Thursday 4 January 2018

Talking about love

"Love" is the biggest word in the English language, perhaps after "God". The biggest presupposition, an unlikely label for a preferred reality, for many just a desperate desire with no hope of fulfilment, a feeling with a really abstract label, a fascination with an unattainable desire.

I don't mind the word, but I have no understanding of what it means, in just one word.

"I love you" ??

Let's try again, imagining the scenario.

You are my child, I will always care for you materially, and emotionally.
You are my friend, I commit to communicating with you, in your best interests, always.
You are my spouse, I will always honour you, sexually, financially, communicatively.
You are my community, I will always be loyal.

But in each scenario, there's a further analysis to be made, more detail of an ethical purpose that depends on emotion, and the effects thereof.

Once you get the sense that love isn't a thing, but is alive, it starts to get slippery. That aspect of experience, that really important one is more like a lizard than the stone on which it's sunning itself. Notice it, and it runs, losing it's tail to distract your further attention.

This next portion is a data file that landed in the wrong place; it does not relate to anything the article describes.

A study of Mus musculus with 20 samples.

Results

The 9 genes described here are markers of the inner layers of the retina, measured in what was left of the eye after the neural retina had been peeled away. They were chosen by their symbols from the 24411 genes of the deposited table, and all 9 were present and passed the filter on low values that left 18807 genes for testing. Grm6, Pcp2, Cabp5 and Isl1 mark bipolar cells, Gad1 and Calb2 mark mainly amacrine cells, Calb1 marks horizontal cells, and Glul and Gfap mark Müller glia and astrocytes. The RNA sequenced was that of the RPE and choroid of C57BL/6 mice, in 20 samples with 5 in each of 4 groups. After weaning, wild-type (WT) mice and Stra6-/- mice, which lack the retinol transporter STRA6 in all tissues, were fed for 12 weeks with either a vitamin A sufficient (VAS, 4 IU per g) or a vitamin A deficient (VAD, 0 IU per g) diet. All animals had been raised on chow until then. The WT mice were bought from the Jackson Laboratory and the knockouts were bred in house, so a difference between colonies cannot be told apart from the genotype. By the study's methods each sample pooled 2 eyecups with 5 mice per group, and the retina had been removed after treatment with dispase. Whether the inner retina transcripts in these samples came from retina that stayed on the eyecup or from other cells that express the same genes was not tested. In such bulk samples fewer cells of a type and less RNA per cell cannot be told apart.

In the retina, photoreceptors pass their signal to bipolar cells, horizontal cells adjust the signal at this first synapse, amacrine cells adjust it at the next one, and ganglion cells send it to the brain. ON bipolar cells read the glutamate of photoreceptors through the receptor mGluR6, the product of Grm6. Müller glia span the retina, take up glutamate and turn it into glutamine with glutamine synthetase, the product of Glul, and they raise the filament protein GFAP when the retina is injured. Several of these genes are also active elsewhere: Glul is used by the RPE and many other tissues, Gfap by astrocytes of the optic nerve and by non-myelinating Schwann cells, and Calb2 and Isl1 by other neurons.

So, go into the beauty of your soul, which is really there, and ask what the ultimate word means.

You may be surprised. Every word that proceeds from your mouth or heart is ultimate. "Love" is more like the canvas, your intentions and actions more like the picture that gets splashed, sometimes more, sometimes less attractively.

Your love?

What does your heart say? Your body know? Your skin fear or acknowledge?

I learn about love by observing bodies, especially when they ask for help. I hope that I know how to respond. Those real levels of requirement, like trauma, truth and touch aren't really up for much conceptual analysis. You know how to fix, or you don't.

That's my kind of medicine.

So when someone is really stuffed in the department of love, it's a good strategy to look at the heart, and not the words.

"God" happens to be there, too.

But  physiology is the short-cut to both. It's really fascinating to have all the answers literally in your hands.